Remains, Historical and Literary, Connected with the Palatine Counties of Lancaster and Chester

Forsideomslag
Chetham Society., 1873
Side 221 - Of the Progresse of the Soule. Wherein, by occasion of the Religious death of Mistris Elizabeth Drury, the incommodities of the Soule in this life, and her exaltation in the next, are contemplated.
Side 104 - Nosce Teipsum. This Oracle expounded in two Elegies. 1. Of Humane Knowledge. 2. Of the Soule of Man, and the immortalitie thereof.
Side 64 - Pleasures are not if they last, In their passing is their best. Glory is most bright and gay In a flash, and so away. Feed apace then, greedy eyes, On the wonder you behold. Take it sudden as it flies, Though you take it not to hold: When your eyes have done their part, Thought must length it in the heart.
Side 225 - tis none of mine. Yet send me back my heart and eyes, That I may know, and see thy lies, And may laugh and joy, when thou Art in anguish And dost languish For some one That will none, Or prove as false as thou art now.
Side 134 - Passage (from the Tower) through his Honourable Citie (and Chamber) of London, being the 15. of March, 1603.
Side 184 - Thais painted sheet embrace, And with the fume of strong Tobacco's smoke, All quaffing round are ready for to choke ! , Let them that list these pastimes then pursue, And on their pleasing Fancies feed their fill ; So I the Fields and Meadows green may view, And by the Rivers fresh may...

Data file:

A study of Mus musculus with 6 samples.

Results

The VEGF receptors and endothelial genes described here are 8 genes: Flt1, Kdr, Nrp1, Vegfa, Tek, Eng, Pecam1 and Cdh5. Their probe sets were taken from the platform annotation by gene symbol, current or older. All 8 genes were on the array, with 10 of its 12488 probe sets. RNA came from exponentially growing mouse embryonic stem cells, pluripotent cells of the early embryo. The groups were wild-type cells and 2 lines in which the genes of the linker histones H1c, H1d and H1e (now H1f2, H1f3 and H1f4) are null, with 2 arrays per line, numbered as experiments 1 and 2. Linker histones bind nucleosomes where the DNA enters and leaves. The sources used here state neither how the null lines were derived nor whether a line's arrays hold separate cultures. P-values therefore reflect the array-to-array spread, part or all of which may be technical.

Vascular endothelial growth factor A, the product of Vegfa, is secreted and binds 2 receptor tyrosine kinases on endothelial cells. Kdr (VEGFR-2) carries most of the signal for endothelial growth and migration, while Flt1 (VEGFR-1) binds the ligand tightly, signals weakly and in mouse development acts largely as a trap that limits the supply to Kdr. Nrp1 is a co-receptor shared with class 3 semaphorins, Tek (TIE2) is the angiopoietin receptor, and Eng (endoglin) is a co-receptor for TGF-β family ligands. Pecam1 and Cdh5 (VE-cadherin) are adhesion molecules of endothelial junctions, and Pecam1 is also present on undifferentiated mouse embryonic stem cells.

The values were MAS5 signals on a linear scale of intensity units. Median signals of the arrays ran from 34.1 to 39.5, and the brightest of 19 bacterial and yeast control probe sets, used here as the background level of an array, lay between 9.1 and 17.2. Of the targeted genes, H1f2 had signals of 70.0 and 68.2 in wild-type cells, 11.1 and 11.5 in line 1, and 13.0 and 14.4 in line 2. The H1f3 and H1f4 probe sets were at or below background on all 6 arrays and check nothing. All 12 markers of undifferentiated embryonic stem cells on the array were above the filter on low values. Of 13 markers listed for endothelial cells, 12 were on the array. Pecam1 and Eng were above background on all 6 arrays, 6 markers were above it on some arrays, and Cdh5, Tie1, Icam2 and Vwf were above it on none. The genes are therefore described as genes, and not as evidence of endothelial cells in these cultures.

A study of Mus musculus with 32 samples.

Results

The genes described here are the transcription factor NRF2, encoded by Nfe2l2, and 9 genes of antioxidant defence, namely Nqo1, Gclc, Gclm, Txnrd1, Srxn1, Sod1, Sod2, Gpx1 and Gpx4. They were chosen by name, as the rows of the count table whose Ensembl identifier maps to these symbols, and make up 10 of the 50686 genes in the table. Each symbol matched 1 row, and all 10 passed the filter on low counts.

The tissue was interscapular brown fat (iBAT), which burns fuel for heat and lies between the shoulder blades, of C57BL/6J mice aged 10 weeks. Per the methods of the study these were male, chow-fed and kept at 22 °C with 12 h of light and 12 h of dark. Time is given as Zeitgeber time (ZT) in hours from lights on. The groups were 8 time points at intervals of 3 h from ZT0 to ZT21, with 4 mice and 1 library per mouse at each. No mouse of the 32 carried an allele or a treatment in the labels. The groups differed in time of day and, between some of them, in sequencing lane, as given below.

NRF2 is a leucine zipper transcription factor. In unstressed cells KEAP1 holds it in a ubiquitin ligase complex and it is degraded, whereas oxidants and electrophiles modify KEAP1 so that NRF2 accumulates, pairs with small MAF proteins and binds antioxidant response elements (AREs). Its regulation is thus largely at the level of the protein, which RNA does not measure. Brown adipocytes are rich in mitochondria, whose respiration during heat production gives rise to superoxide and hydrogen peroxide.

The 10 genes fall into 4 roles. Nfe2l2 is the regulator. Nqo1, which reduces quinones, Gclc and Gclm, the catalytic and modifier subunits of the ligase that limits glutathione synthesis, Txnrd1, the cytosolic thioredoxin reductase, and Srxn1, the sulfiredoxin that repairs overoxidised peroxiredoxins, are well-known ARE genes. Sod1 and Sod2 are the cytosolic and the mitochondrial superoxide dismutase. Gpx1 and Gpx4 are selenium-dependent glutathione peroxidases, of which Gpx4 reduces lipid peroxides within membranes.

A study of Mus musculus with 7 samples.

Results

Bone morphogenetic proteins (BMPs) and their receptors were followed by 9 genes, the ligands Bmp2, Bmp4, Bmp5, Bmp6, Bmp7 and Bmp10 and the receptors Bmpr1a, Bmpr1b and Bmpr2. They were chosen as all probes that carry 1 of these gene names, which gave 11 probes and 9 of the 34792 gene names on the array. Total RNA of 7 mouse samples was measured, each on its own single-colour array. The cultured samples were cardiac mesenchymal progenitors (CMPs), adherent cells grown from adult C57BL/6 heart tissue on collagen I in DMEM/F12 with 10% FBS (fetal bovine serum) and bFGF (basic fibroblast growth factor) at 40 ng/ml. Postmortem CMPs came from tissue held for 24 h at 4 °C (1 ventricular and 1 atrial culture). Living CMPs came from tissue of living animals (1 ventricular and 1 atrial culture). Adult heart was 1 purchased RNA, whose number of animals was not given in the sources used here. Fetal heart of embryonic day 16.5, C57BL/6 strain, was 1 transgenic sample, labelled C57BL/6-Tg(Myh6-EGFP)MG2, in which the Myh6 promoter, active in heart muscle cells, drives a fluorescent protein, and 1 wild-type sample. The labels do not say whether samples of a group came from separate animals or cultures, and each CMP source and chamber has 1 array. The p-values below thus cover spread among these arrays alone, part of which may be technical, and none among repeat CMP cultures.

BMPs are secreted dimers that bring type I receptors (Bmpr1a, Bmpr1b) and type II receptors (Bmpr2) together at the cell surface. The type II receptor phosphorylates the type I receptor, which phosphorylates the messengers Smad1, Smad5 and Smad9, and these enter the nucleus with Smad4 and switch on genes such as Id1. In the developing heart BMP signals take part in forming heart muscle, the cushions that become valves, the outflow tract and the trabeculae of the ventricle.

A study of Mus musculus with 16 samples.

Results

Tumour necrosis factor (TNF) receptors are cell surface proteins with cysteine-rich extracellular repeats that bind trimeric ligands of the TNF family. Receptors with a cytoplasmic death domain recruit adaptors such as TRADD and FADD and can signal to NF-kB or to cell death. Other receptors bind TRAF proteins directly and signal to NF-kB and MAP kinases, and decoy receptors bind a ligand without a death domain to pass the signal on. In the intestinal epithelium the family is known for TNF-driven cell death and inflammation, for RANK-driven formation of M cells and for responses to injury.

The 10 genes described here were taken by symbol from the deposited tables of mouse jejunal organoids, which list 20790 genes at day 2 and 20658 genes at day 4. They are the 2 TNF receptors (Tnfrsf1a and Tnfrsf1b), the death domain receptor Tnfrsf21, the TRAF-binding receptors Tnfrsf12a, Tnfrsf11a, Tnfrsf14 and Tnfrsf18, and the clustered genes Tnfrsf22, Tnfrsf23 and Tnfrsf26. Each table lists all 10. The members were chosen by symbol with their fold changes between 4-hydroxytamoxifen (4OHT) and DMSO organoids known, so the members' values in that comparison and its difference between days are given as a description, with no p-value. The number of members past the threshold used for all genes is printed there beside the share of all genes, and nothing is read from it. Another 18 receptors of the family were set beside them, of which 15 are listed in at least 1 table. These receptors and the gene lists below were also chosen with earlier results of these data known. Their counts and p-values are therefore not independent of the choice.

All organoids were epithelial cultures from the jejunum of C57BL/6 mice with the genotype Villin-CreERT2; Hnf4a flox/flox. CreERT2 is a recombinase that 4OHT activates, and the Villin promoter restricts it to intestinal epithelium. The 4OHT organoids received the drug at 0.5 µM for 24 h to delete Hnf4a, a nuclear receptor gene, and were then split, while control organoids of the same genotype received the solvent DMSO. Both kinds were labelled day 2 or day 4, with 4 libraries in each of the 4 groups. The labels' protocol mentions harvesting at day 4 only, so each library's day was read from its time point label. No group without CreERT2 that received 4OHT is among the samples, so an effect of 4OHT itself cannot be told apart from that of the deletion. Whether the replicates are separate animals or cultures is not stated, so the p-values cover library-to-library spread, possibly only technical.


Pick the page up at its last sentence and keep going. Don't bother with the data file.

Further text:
Side 171 - Dekker His Dreame: in which beeing rapt with a Poeticall Enthusiasme, the great volumes of Heaven and Hell to him were opened, in which he read many wonderfull Things.
Side 128 - Viewing this light, which shines more bright then doth the Noon-day Sun. Straightway appears (they see't with tears) the Son of God most dread; Who with his Train comes on amain To Judge both Quick and Dead.
Side 188 - I mean, with inclinations to it, though both may be heightened by discourse and practice : but he that hopes to be a good angler, must not only bring an inquiring, searching, observing wit, but he must bring a large measure of hope and patience, and a love and propensity to the art itself; but having once got and practised it, then doubt not but Angling will prove to be so pleasant that it will prove to be, like virtue, a reward to itself.